During the past two years, time was something that we had plenty of. A visit to the allotment, being outdoors and socially distanced, meant that we had time to catch up on those long outstanding jobs. Now Summer is upon us, we busy planting and sowing for the year ahead.
The borehole water supply gets turned on in Spring at St Ann’s Allotments, when soil temperature is beginning to rise, and we’re feeling optimistic about this year’s crops. Whatever you are sowing, however, consider that regular watering will be needed at some stage, so if you’re planning a trip around the world or a couple of days visiting auntie Doreen, someone needs to water your plants and seedlings. Do you speak nicely to a family member or to a neighbour, who hopefully you haven’t upset at some time in the past?
Whatever the decision, access to water will be needed. Many gardeners have ensured that rain barrels have been filled during the winter months. At our Nursery garden, water collection from the glasshouse and classroom roofs means that use of the borehole taps will be a last resort.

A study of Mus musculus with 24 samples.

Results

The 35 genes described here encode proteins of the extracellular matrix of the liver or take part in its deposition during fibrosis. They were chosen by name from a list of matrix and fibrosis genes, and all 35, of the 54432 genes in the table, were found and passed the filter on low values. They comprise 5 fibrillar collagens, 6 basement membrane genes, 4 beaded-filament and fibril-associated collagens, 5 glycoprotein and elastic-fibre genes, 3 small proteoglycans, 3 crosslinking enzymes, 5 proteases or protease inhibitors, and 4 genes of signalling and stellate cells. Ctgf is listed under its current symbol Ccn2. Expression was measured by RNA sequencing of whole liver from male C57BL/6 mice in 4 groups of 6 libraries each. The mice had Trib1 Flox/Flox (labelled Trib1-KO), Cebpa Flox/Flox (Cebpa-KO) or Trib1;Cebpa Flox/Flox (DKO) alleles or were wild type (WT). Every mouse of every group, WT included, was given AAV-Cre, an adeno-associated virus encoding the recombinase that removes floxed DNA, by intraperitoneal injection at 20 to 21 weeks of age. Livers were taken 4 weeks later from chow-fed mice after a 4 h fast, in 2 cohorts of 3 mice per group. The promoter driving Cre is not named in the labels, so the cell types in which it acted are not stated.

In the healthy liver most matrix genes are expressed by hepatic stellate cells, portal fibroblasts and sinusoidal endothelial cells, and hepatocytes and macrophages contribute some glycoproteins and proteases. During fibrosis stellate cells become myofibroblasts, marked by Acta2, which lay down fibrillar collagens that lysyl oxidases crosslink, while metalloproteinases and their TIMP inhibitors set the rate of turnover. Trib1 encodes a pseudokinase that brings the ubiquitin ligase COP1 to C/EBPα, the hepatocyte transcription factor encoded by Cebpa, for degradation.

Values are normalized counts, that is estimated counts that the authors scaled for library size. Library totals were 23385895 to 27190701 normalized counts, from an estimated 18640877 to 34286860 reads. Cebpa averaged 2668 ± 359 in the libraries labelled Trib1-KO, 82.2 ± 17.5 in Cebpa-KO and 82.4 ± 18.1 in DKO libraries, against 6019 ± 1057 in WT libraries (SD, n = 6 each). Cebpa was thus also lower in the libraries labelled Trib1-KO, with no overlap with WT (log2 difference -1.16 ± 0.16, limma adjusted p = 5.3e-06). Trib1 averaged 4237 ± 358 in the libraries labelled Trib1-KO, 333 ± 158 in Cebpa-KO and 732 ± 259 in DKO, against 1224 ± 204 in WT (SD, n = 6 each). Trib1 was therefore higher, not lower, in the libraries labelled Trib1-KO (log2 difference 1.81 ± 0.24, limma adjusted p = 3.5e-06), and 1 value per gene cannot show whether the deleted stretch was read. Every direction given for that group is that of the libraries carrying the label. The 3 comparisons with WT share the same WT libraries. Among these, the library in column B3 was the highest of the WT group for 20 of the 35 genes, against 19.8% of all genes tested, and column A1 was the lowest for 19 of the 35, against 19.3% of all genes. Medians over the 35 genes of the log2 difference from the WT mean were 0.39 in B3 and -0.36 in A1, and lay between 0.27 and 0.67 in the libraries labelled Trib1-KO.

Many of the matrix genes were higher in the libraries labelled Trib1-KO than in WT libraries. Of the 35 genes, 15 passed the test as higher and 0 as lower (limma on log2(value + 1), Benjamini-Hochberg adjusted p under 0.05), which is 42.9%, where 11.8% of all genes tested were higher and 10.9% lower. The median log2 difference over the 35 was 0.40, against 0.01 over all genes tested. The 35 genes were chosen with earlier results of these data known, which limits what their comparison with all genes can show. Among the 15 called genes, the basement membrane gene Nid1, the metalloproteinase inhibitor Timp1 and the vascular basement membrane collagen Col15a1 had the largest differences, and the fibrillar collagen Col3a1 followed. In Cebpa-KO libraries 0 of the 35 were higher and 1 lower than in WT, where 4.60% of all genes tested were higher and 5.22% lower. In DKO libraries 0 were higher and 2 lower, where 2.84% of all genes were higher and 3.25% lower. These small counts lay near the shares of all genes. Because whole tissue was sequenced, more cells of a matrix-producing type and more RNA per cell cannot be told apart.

A rusty overgrown iron cauldron at the top of the Nursery site is probably an old water container, whereas the four full and interconnecting plastic barrels at the side of the greenhouse and the former Boots container previously used to hold syrup, are its modern equivalent. On the wildlife site at Urban Nature, we have an old enamelled bath, a stone glazed sewer pipe, a two-handled zinc bath and a Victorian underground brick and cement lined cistern, all previously used to collect water.
The cleanliness of a water supply in Victorian times was a particular worry. Cholera often broke out in situations where there was overcrowding and inadequate access to clean water, rubbish collection and proper toilets, and in 1832 cholera killed 330 people in Nottingham. According to an 1849 report of the Sanitary Committee of the Borough of Nottingham:
“This terrible scourge the Cholera fixed itself in 1832 in Streets and Courts filthy, ill-ventilated and crowded with inhabitants too poor, dirty or dissipated to procure necessary food or use the most common means to secure health.”
Having the ability to live on the Hungerhills and Gorsey Close Gardens, away from such dreadful living conditions, able to grow your own food and find a more wholesome water supply, would have been a godsend.
An advertisement in the Nottingham Review of 18 September 1835, just three years after the cholera outbreak, emphasised the spaciousness and cleanliness of life on the allotments:
“A delightful Garden, pleasantly situated in the centre of Gorsey Close Gardens, well Stocked with Choice Fruit Trees, Shrubs, and a variety of Fine Dahlias, in full perfection, having a Spacious Brick Summer House, built upon an Elevated Situation commanding a fine view of Nottingham and the Neighbourhood, and containing also a good Low Kitchen, Wash House, large, Soft Water Cistern, &c.”